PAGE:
GORD is a chronic relapsing condition whereby acid produced in the stomach moves up into the lower part of the gullet, or oesophagus, leading to a “burning” discomfort or heartburn. The actual amount of acid is not increased but the acid spends too long in contact with the oesophagus.
This blog will focus on the factors surrounding GORD, examining why the condition is seemingly becoming more common.
The most common cause for GORD is a hiatus hernia. Here the top part of the stomach is pushed, or herniated, through the normal opening (hiatus) in the diaphragm. This defect impairs the clearance of acid from the lower part of the oesophagus and increases the volume of acid reflux from the stomach especially after eating.
A hiatus hernia is most likely to occur in individuals who gain weight, are overweight or obese. An elegant study from Glasgow reported that increasing abdominal pressure with a belt (mimicking excessive weight gain) increased reflux episodes across a hiatus hernia after eating.
The prevalence of obesity in the UK is increasing and has reached 27%. It is likely therefore that the increase in GORD reflects, at least in part, the rising BMI in the UK population.
Helicobacter pylori infection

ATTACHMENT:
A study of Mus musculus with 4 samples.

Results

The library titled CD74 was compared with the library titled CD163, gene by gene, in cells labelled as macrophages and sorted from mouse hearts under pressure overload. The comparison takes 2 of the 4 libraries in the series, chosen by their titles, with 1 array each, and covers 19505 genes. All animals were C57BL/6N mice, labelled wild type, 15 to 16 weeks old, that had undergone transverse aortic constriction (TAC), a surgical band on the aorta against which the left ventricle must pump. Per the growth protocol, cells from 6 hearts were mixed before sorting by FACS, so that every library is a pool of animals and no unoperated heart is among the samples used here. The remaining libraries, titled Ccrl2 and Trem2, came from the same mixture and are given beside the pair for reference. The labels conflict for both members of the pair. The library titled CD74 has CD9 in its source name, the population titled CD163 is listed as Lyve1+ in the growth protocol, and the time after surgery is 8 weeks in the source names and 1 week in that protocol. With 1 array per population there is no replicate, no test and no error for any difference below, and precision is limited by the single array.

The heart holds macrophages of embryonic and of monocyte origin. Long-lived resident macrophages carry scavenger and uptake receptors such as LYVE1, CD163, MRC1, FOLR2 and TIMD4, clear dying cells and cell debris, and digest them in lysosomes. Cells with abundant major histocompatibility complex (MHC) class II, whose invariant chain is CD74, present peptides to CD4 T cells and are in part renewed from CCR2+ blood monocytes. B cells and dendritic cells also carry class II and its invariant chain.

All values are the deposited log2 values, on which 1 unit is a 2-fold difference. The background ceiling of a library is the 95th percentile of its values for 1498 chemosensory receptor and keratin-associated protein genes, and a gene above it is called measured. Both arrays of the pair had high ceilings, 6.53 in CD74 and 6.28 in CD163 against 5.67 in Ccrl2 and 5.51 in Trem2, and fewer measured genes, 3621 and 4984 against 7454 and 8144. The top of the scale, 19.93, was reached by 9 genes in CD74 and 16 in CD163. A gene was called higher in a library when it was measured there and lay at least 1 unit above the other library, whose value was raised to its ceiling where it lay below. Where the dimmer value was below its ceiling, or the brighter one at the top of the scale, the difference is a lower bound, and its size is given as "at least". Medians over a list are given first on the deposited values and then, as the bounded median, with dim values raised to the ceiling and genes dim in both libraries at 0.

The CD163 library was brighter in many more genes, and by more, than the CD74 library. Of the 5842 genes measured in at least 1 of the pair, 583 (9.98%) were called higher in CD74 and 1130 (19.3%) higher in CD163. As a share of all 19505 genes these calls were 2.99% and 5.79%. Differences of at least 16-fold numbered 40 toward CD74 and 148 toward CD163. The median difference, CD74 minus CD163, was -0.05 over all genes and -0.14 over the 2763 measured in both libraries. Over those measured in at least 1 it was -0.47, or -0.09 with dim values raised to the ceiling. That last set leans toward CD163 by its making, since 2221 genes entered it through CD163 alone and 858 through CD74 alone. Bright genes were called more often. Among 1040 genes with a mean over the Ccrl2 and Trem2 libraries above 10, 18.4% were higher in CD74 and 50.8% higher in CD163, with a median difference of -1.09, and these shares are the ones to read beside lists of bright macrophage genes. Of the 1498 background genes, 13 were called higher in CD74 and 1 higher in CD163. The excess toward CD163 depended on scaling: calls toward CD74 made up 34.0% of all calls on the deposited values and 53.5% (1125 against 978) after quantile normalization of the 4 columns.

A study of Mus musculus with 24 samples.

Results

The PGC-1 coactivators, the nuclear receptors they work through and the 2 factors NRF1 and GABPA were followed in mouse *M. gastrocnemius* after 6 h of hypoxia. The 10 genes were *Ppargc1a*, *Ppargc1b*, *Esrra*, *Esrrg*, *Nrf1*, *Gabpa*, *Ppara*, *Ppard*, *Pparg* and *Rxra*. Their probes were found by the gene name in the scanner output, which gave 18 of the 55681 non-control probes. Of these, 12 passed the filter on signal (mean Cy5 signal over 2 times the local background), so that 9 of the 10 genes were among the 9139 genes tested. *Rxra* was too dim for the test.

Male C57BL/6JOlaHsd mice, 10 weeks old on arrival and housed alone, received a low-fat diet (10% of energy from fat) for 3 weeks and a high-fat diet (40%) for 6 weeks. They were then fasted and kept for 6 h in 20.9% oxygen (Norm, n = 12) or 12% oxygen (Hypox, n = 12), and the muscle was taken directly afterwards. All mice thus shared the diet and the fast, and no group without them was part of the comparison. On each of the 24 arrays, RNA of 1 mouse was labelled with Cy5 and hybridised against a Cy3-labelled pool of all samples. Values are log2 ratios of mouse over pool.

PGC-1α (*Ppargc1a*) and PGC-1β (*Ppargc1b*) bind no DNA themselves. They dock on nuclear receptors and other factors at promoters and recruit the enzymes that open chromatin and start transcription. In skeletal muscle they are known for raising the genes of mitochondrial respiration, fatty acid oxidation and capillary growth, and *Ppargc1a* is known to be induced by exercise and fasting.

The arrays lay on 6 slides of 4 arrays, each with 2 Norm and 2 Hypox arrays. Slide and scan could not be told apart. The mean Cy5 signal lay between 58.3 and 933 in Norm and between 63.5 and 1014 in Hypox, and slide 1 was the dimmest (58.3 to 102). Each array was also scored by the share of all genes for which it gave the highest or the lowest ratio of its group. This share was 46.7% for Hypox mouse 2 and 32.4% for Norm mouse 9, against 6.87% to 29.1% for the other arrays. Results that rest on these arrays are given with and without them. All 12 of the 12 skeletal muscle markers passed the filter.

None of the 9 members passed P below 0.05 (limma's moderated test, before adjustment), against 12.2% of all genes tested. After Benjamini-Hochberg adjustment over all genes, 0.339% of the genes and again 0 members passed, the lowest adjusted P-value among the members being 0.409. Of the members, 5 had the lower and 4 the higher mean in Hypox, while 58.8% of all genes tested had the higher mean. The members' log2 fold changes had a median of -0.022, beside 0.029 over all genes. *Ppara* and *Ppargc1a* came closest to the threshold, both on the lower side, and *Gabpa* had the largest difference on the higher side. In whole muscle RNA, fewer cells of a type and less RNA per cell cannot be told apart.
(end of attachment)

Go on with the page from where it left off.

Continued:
H pylori causes most duodenal & stomach ulcers and, especially in developing countries, is associated with stomach cancer. The infection may however protect against the development of GORD. The prevalence of H pylori is falling whilst GORD is increasing.
Research has suggested that H pylori may, in certain individuals, decrease reflux of acid, the development of Barrett’s oesophagus & possibly protect against some forms of oesophageal cancer.
Dietary factors such as increased fat content, cigarette smoking & alcohol excess may worsen GORD.
Public Health England’s campaign to highlight the importance of heartburn as a risk factor for cancer of the oesophagus led to an increase in the diagnosis of GORD.
For more information about GORD, please do not hesitate to contact Dr. Harris.